Ted Lasso, at its heart, is about underdogs. The entire series is full of fish out of water: a man from Kansas City coaching a soccer team in England; a woman emerging from divorce as the head of her ex's club league; a grumpy athlete finding his way after his glory days have recently passed. It's precisely what made us root for who seemed like the ultimate underdog on the series: Nate, the timid water boy who worked his way up to assistant coach with brilliant gameplay and brutal barbs.

Season 2 of Ted Lasso, though, not only forced us to take a second look at Nate, but also a second look at ourselves. Since Season 1, the series has been dropping breadcrumbs guiding us to Nate's villainous future — Nick Mohammad's post-Season 2 tweet all but confirmed it — yet we cheered for the character's savage take-downs, even that one time he called Rebecca a "shrew." Why didn't we see the toxicity brewing? It's the same reason why we don't see it in real life.

While ruminating over Nate's transformation, and why it felt like such a shock watching it unfold, I happened upon a Reddit post from u/punctuation_welfare that outlined the precise problem with "Nice Guys" like Nate:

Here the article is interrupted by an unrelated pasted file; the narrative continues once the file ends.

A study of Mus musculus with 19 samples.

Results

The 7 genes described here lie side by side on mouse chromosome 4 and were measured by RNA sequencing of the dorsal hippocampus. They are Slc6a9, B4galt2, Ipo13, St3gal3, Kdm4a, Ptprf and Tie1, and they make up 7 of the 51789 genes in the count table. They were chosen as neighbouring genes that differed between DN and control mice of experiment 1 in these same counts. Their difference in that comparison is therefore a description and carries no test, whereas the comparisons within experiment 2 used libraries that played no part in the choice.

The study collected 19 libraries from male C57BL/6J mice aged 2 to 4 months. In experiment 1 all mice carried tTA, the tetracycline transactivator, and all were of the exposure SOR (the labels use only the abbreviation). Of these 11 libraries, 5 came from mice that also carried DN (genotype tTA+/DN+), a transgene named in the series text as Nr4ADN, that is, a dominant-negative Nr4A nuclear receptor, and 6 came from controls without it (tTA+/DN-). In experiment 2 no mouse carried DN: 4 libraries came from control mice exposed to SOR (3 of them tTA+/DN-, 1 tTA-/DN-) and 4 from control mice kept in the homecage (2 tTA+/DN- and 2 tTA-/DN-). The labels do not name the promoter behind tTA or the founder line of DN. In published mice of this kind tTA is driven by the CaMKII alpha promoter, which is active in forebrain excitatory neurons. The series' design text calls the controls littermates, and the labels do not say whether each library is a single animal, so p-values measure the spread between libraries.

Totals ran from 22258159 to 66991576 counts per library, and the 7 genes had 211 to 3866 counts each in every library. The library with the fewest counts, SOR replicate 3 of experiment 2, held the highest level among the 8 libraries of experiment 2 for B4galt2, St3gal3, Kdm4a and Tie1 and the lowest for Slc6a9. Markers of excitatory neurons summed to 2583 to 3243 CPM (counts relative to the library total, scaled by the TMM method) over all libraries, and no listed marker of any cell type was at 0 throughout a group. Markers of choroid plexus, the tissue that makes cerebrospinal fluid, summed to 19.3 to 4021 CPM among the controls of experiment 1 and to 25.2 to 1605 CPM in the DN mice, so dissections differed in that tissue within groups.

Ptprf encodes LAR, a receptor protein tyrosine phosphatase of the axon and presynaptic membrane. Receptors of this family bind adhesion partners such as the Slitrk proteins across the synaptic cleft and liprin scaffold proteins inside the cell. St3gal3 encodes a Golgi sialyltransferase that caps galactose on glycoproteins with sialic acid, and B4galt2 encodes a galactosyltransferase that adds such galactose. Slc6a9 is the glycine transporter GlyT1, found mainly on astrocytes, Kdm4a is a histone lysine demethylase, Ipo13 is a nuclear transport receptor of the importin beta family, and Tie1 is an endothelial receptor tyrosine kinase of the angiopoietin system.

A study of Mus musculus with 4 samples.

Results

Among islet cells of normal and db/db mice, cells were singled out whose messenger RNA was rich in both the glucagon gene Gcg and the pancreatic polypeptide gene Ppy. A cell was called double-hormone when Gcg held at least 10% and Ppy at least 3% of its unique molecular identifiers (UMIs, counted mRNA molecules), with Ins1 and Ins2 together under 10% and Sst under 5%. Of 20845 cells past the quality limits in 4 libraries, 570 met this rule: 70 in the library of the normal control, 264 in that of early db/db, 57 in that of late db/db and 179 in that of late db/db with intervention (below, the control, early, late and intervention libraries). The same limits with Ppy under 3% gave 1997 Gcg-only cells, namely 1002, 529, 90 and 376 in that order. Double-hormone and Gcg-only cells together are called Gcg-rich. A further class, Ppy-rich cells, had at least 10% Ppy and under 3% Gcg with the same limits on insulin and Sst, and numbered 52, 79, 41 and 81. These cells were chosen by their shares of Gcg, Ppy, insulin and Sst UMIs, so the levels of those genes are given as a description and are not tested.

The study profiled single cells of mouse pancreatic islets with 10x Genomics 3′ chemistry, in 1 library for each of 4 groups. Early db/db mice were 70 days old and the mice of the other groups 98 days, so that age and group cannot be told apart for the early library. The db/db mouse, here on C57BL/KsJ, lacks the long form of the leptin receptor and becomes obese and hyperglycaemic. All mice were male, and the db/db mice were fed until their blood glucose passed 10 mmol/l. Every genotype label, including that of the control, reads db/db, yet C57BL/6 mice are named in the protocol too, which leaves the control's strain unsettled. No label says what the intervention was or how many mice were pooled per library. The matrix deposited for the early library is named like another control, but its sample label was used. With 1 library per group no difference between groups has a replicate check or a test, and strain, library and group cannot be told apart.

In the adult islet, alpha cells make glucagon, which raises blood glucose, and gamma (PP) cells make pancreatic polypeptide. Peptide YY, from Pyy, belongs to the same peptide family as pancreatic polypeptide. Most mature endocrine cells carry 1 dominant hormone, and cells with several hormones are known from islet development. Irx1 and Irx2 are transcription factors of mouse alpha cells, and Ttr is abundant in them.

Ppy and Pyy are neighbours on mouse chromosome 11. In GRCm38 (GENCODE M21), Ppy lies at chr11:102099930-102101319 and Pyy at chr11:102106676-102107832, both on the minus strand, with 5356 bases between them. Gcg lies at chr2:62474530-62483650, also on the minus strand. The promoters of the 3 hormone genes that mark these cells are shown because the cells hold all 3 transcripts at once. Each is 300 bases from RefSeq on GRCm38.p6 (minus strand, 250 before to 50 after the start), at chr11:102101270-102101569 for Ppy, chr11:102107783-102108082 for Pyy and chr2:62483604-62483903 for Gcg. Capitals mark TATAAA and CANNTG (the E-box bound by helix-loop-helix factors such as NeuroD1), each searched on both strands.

A soft voice or timid mannerisms are somehow used to excuse harsh words. A general sense of downtrodden-ness makes it understandable when these guys lash out; it’s not their fault, it’s the world’s fault for not having been fair to them. Nate isn’t being mean when he roasts the team or calls Rebecca a shrew, right? He’s just a small guy who’s been picked on too often, trying to stand up for himself in a hard world.

Except, as the show reveals slowly but brilliantly over time, it’s not harmless. Unkindness stings, whatever it’s source. And writing off shitty behavior because we pity the person engaging in it not only enables it, it gives it a platform that allows it to grow and get worse as that person accretes any amount of power.

This is not the first time Ted Lasso has dabbled in toxic masculinity, but it's the show's most impressive, and nuanced, approach to the topic. The series manages to carefully outline how red pill culture could evolve, even from the most unlikely of sources. When Jamie Tartt bullied Nate into submission in Season 1, we categorized Nate as a victim. Him roasting the entire team simply seemed a way of balancing the universe, so we — and Ted — rewarded it.